It’s rare that a film slapped with an NC-17 rating doesn’t opt to defang a bit, since the cultural stigma that comes with the rating can be a death sentence. But thankfully, William Friedkin’s “Killer Joe” wears the rating like a badge of honor. It’s debatable whether the film’s content earns the notorious NC-17. It’s more likely that the film’s nasty, sweaty Southern noir aesthetic earned its rating, but that same aesthetic is responsible for its entertainment value.
Based on the play by Tracy Letts, “Killer Joe” is propulsive and stylish from the first scene, which finds Chris (Emile Hirsch) roping his father Ansel (Thomas Haden Church) in on a scheme to kill his mother so he can use the insurance money to pay off a drug debt. Enter Joe (Matthew McConaughey), a Dallas cop who moonlights as an assassin and demands cash in advance. Unable to pay, Chris agrees to offer up his virginal sister Dottie (Juno Temple) as collateral, not betting his scheme will go awry, which it inevitably does.
McConaughey is on an astounding hot streak right now, and “Killer Joe” is the crown jewel of his year so far. He has built his entire career charming his way through romantic comedies, and “Killer Joe” brilliantly reappropriates that same demeanor, turning that silky charisma into something much darker and more predatory. McConaughey is utterly magnetic in every scene, and as his Joe becomes more and more manic and his cool blue eyes take on a terrifying iciness, the film intensifies along with him.
The film focuses on one of the most violently dysfunctional families this side of Rob Zombie, and all of its central figures are wonderfully acted. Hirsch brings an angry desperation to his role, and watching his slow descent into Joe’s clutches is fascinating. Gina Gershon plays Ansel’s second wife, and her take on the femme fatale is absolutely fearless. Church is a hilarious buffoon, and while that’s the only real note he gets to play, he wrings every laugh possible out of it. Temple has perhaps the most challenging role to play as the object of Joe’s affections. Her Dottie is a girl in a woman’s body, and Temple shows an undeniable knack for delivering Letts’ monologues with a soulful Southern twang. As her character shifts into the center of the film’s conflict, Temple navigates truly troubling material with grace and skill, developing into the film’s sole sympathetic figure.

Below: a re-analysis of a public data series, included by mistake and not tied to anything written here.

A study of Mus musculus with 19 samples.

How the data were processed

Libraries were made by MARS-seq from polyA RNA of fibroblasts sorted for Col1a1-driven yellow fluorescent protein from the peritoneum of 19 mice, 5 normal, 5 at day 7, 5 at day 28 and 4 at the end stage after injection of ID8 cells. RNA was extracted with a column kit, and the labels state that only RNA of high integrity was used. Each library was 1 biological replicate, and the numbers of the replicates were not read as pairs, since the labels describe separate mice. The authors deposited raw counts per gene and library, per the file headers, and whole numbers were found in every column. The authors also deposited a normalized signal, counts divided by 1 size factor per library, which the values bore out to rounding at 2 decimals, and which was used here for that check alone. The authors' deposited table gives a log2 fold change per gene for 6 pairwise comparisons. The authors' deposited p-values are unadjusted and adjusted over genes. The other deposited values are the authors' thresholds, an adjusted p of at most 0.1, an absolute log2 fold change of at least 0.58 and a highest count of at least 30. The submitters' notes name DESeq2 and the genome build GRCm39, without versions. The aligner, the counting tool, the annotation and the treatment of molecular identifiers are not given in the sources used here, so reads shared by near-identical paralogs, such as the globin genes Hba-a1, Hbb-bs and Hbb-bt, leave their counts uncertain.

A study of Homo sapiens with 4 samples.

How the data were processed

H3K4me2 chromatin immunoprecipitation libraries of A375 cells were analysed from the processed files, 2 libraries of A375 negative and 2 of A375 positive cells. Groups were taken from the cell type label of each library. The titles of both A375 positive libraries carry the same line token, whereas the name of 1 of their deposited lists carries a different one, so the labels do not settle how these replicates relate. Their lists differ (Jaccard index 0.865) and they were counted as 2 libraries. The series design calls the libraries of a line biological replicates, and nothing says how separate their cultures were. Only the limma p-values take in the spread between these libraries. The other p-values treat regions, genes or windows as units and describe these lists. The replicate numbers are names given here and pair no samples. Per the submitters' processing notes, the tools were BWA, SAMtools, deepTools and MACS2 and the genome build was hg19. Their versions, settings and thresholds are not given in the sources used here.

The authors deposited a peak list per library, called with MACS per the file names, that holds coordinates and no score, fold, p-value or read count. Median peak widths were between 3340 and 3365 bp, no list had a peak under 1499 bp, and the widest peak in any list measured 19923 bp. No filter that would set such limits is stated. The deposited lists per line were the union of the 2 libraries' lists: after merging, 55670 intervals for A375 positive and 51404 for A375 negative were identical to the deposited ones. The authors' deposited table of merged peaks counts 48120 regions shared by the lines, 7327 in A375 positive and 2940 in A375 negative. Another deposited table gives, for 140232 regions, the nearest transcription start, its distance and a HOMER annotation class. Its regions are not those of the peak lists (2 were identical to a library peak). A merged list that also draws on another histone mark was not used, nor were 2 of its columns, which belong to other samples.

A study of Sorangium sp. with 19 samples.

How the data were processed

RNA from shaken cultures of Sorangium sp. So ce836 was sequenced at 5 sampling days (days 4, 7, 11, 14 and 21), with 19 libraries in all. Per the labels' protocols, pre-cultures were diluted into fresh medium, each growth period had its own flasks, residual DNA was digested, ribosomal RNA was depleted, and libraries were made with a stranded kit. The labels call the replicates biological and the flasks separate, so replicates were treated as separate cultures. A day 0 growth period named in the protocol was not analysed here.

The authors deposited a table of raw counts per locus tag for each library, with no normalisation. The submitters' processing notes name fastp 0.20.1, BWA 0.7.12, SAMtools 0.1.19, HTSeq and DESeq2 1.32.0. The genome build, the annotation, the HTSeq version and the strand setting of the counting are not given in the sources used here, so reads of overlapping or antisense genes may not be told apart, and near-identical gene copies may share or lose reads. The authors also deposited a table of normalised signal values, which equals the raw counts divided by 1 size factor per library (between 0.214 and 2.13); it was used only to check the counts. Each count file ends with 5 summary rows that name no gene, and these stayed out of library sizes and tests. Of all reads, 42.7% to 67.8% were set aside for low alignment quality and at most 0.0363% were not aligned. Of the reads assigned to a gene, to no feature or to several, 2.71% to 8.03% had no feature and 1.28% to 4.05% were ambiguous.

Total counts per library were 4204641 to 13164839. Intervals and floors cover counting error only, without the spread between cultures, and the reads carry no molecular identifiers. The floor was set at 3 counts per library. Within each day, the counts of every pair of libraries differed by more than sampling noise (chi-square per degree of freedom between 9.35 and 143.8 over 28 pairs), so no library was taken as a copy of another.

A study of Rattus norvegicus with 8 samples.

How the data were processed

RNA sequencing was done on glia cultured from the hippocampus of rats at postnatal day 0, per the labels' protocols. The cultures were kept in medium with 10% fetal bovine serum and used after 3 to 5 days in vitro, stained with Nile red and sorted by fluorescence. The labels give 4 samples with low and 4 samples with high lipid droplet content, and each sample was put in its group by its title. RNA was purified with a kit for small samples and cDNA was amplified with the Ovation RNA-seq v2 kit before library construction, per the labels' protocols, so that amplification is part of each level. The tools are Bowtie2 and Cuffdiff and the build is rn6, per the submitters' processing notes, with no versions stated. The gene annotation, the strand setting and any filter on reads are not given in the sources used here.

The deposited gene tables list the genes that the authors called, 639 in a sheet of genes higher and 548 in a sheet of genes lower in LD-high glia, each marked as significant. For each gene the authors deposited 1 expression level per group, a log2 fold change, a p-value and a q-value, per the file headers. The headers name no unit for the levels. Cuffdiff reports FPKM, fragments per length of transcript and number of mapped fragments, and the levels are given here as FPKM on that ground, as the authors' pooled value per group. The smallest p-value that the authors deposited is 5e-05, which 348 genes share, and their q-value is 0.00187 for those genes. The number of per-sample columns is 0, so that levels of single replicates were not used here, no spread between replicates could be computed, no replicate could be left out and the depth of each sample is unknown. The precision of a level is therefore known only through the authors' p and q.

Letts adapted his 1998 play for the screen and his dialogue crackles throughout the film, veering from vulgar tension-building to eloquent Southern poetry. The script weaves a tangled web of despicable characters in inescapable situations, and the way the film slowly lets each character rack up a stable of frustrations with one another before letting all hell break loose in an explosive final sequence as equally merciless as it is gratifying.
“Killer Joe” is Friedkin’s second collaboration with Letts after 2006’s “Bug,” and it has been a bountiful partnership so far. “Killer Joe” finds Friedkin in top form, and the film is a stylish pastiche of Southern pulp from its very first scene. Friedkin approaches his characters with broad strokes and a heavy hand, and the way he’s unafraid to let a scene wear its stage roots proudly while still filling it with his own flourishes makes for several riveting moments.
Much of the attention “Killer Joe” gets is going to focus on its final scene, particularly a harsh bit of cruelty one character exacts on another, and it’s a perfect finale, an ending that’s an ellipsis on the page but an exclamation point on the screen, thanks to the momentum that Friedkin and his cast build throughout the film. Even without the epic finale, the film is one that deserves to be seen and discussed, a compelling deep-fried bit of entertainment, and one of the blackest comedies ever made.